Sunday, June 08, 2008

Senator Obama and ACORN....

"A racially integrated community is a chronological term timed from the entrance of the first black family to the exit of the last white family."

- Saul Alinsky

For more background on radical Saul Alinsky, read the Wanderer article which I posted here.

Fr. Michael Pfleger, now well-known for his pro-Obama political rant during a "homily," has been described by one journalist as an "attention-seeking narcissist." Fr. Pfleger has been associated with Reverend Jeremiah Wright's Black Liberation Theology (see here). Why is this troubling? Here is what Wikipedia has to say about Black Liberation Theology:

Black theology refers to a variety of Christian theologies held among people of black African descent (African Americans).

BLACK THEOLOGY — This is a form of liberation theology* that has its center in the theme of oppression of blacks by whites. It came out of the "need for black people to define the scope and meaning of black existence in a white society" (Cone). It emerged in the last two decades in the wave of liberation movements as an expression of black consciousness and seems to speak the the issues that blacks must contend with on a daily basis.

God — Intricate and largely philosophical views of God are largely ignored in preference for the concerns of the oppressed. White Christian concepts taught to the black man thus are to be disregarded or ignored. God's person, the Trinity, his supreme power and authority as well as "subtle indications of God's white maleness" are said not to relate to (and in some cases antagonistic to) the black experience. The dominant perspective on God is God in action, delivering the oppressed because of his righteousness. His immanence is stressed over His transcendence, and as a result He is seen to be in flux or always changing.

Trinity — The Trinity is not stressed. However, Jesus is God, but in the sense of God's visible expression of concern and salvation.

Christ — He is One who delivers, almost exclusively, in social ways. He is a liberator, or "Black Messiah" whose work of emancipation for the poor and rejected of society is the parallel to the blacks' quest for liberation. Christ's message is "black power" (Henry). His intrinsic nature and spiritual activity receive little or no attention. Some even deny his role as the atoning sacrifice for the world's sins and provider of eternal life (Shrine).

Revelation — Black theology is not bound to biblical liberalism, but is of a more pragmatic nature. Only the experience of black oppression is the authoritative standard.

Salvation — Salvation is freedom from the oppression and pertains to blacks in this life. Proponents of black theology are concerned specifically with the political and theological aspects of salvation more than the spiritual. In other words, salvation is physically liberation from white oppression rather than freedom from the sinful nature and acts of each individual person. Presenting heaven as a reward for following Christ is seen as an attempt to dissuade blacks from the goal of real liberation of their whole persons.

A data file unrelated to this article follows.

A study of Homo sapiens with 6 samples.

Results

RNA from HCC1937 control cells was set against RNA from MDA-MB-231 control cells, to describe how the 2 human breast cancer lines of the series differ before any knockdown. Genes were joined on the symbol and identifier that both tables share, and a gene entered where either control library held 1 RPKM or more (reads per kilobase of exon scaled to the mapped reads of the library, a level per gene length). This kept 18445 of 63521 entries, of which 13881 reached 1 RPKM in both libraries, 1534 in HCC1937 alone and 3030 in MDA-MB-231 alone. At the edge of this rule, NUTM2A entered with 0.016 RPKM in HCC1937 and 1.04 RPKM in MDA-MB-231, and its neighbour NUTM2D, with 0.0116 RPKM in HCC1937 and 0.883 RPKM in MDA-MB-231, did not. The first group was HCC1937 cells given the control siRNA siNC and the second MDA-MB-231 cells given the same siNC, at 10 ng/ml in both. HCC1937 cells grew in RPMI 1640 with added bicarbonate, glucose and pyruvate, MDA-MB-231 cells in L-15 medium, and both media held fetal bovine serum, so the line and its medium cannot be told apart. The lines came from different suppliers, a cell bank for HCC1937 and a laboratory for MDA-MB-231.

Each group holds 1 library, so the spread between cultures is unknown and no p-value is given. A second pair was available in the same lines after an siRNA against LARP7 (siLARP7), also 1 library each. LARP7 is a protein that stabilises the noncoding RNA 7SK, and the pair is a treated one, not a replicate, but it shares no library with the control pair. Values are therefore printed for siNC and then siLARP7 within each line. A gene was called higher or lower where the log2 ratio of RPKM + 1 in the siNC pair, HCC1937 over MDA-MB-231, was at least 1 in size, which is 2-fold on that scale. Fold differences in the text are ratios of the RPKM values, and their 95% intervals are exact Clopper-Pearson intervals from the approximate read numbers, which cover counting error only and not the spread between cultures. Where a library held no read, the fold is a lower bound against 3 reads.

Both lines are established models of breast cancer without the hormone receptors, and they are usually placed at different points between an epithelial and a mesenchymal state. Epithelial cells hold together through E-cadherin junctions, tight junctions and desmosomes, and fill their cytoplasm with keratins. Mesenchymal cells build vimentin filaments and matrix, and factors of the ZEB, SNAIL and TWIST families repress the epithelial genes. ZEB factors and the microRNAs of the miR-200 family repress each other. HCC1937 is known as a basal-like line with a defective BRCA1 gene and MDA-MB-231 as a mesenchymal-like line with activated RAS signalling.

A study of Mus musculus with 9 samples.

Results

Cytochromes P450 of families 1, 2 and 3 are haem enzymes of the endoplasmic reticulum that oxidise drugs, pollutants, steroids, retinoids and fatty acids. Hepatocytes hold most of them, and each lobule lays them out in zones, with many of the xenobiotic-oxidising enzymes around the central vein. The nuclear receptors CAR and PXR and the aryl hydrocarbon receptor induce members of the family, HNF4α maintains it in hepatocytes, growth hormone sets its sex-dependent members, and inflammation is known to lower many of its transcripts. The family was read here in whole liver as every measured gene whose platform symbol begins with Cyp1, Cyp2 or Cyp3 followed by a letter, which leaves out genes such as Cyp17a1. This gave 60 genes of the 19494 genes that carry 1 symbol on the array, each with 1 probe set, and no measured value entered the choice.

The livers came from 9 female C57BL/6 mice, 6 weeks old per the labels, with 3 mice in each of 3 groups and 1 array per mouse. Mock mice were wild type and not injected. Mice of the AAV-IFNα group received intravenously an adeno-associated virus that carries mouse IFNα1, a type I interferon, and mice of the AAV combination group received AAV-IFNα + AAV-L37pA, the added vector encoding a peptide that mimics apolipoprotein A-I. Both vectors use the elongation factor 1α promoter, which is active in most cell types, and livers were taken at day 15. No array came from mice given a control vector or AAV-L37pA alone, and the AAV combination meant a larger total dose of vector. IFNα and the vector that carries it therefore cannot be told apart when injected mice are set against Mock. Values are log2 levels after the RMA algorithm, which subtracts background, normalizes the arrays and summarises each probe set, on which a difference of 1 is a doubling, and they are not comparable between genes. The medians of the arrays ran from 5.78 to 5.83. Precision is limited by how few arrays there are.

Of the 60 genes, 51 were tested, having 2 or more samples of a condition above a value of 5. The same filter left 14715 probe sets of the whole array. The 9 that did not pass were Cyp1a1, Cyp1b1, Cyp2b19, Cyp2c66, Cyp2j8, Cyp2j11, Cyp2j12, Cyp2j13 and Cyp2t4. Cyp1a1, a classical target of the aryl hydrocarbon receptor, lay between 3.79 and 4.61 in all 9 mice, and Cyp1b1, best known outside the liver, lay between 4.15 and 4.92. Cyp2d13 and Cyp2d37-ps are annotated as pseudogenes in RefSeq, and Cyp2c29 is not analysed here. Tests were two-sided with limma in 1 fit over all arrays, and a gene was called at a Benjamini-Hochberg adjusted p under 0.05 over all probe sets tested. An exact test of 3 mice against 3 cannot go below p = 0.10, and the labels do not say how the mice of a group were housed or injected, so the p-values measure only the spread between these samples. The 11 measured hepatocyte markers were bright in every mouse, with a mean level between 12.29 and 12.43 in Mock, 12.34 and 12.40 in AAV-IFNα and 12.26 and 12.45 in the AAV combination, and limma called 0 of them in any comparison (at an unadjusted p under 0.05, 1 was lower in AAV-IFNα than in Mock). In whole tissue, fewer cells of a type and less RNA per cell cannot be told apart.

Church — The church is the focus of social expression in the black community where the blacks can express freedom and equality (Cone). Thus the church and politics have formed a cohesion where the theological expression of the desire for social freedom is carried out. All above came from [1] H. Wayne House (Th.D.,J.D.) is distinguished professor of biblical studies and theological studies at Faith Seminary, Tacoma Washington, and a professor of law at Trinity International University. Black theology refers to a variety of Christian theologies held among people of black African descent (African Americans).
(http://en.wikipedia.org/wiki/Black_theology).

* For more on Liberation Theology and why it is problematic, read here.

3 comments:

David said...

When it was revealed in the mainstream media that Senator Obama's pastor for more than twenty years had said, "blacks should not sing 'God Bless America" but "God damn America,'" the Senator and his aides denounced the angry rhetoric. But do we really believe that Reverend Wright never used similiar rhetoric during the previous twenty years? Of course not, Senator Obama denounced the hateful comments because he had to.

The quote you provided from Saul Alinsky is most interesting since Senator Obama led an organization which was Alinskyite.

Very interesting.

Fred said...

Both Wright and Pfleger proved to be an embarassment to the Obama campaign. But his ties with radicals runs much deeper. Is this a man we can trust as our president? The evidence suggests that we cannot. Especially if we are sincere and orthodox Christians. Senator Obama's views (such as his desire to use his office to promote same-sex "marriage") are not consistent with those of serious Catholics, Protstants, Jews and Muslims.

I'll be voting for McCain. If only because I don't want to see this dangerous radical achieve the highest office in this land.

Wendy said...

The more I learn of Senator Obama's background, the more unsettled I become. Some of his past comments and associations are simply alarming.